Alex Otema, the Chairman of Keyo Road Business Community told URN in an interview that they were told about the digital revenue collection system last year during registration for local service tax. He says that no one has sensitized them ever since then on how the system works, something leading to tax evasion.
According to the Division’s revenue performance report for the first quarter of the 2021/ 2022 financial year, only 384.7 million shillings local revenue was collected between July and September this year out of the estimated 2.62 billion shillings.
Christo Omara Balmoi, the Gulu City Engineer told URN in an interview that the City Council had earmarked 50 million to repair some of those broken solar street lights under the Uganda Road Fund in this financial year but that the delay in the release of the second quarter funding has frustrated their move since they had planned to start work mid last month.
Gulu City was elevated from a municipal to city status in July last year but its new details had not been fed into the IFMS by the Ministry of Finance. This has greatly weighed down and hindered the utilization of money in its bank accounts.
Andrew Ogwetta Otto, the City Councilor for Pece –Laroo Division North says due to lack of funding, a lot of Village COVID -19 Taskforces have become discouraged. He appealed to the City Clerk to speed up the process of having the disbursement used.
Jimmy Oyoo, the Speaker of Pece –Laroo Division in Gulu City says the council agreed that the councilors would borrow and the Division would deduct 135,000 shillings from each councilor’s allowance of 280,000 shillings monthly for between 28 to 54 months.
Geoffrey Komakech, a farmer in Gulu City told URN in an interview that they petitioned the RCC after all their efforts to recover their money from Gulu District Agriculture Department failed to yield results. He says that they also handed a copy of their petition to the Gulu District Chief Administrative Officer for intervention as well.
Alfred Okwonga, the Mayor Gulu City reveals that the low revenue collection is due to leakages in the collection process. Okwonya noted that at Layibi Market in Bardege- Layibi Division where there are over 100 vendors, the contractor only remits Shillings 300,000 monthly to the City Council implying that he collects only Shillings 10,000 a day from only about 10 vendors.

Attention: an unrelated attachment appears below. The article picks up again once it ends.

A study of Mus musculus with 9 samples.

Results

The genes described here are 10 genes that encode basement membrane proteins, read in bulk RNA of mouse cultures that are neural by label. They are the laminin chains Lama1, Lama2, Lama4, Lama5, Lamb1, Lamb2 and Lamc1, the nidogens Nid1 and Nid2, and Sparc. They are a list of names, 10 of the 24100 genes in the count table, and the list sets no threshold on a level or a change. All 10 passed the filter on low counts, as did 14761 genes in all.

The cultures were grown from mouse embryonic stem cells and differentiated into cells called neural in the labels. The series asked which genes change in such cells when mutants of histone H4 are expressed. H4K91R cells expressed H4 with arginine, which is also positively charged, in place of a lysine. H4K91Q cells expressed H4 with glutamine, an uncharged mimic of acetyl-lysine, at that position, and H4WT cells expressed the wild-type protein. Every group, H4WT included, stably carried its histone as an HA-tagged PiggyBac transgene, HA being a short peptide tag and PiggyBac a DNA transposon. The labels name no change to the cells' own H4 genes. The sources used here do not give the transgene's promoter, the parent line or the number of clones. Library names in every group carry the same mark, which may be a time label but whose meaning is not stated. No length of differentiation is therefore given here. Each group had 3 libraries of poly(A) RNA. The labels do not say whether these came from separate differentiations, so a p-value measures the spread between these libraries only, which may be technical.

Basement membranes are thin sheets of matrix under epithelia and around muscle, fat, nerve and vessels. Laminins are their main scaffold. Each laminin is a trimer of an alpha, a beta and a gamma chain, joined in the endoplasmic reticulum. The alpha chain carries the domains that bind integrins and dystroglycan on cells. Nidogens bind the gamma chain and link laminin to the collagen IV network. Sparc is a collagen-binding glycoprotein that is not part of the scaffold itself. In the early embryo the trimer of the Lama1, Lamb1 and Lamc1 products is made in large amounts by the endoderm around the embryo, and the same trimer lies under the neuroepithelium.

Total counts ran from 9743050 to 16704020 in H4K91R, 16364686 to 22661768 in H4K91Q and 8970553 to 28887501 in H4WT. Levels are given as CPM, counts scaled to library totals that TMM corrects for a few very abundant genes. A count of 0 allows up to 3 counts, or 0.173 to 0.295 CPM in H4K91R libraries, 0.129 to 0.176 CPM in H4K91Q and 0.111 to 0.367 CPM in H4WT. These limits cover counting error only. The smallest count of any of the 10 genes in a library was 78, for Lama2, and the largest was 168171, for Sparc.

For about six decades, locals in the area temporarily patched the bridge with wood logs and pieces of timber to facilitate trucks transporting goods and traders to markets in Lango and Acholi sub-regions for instance livestock markets in Amach and Amugo in Lira, Amwaa in Oyam and Elegu in Amuru.
Charles Canowira, the Pawel Central Village Chairperson in Gulu City East Division revealed that they play unimaginable role in the delivery of services to the community such as security, settlement of disputes and monitoring of government projects among others yet they cannot afford basic necessities.
Edward Kiwanuka, the Gulu City Town Clerk says that the fund will construct more than 7 roads in the City totalling 7.788 kilometres. The roads include Oola Lubaro road, Vincent Opiyo road, Francis Barabanawe road, Lakana Odongkara road, Onono road and Nelson Mandela road.
Through their umbrella body Gulu City Business Association, the local business owners say they have greatly contributed towards the growth of Gulu that ultimately earned it a City status, therefore they should be rewarded with some tax incentives.
Edward Kiwanuka, the City Town Clerk disclosed that part of the money will be used for the development of Gulu City master plan, expand, maintain and open new roads in 12 parishes annexed to the city from the neighbouring Omoro District.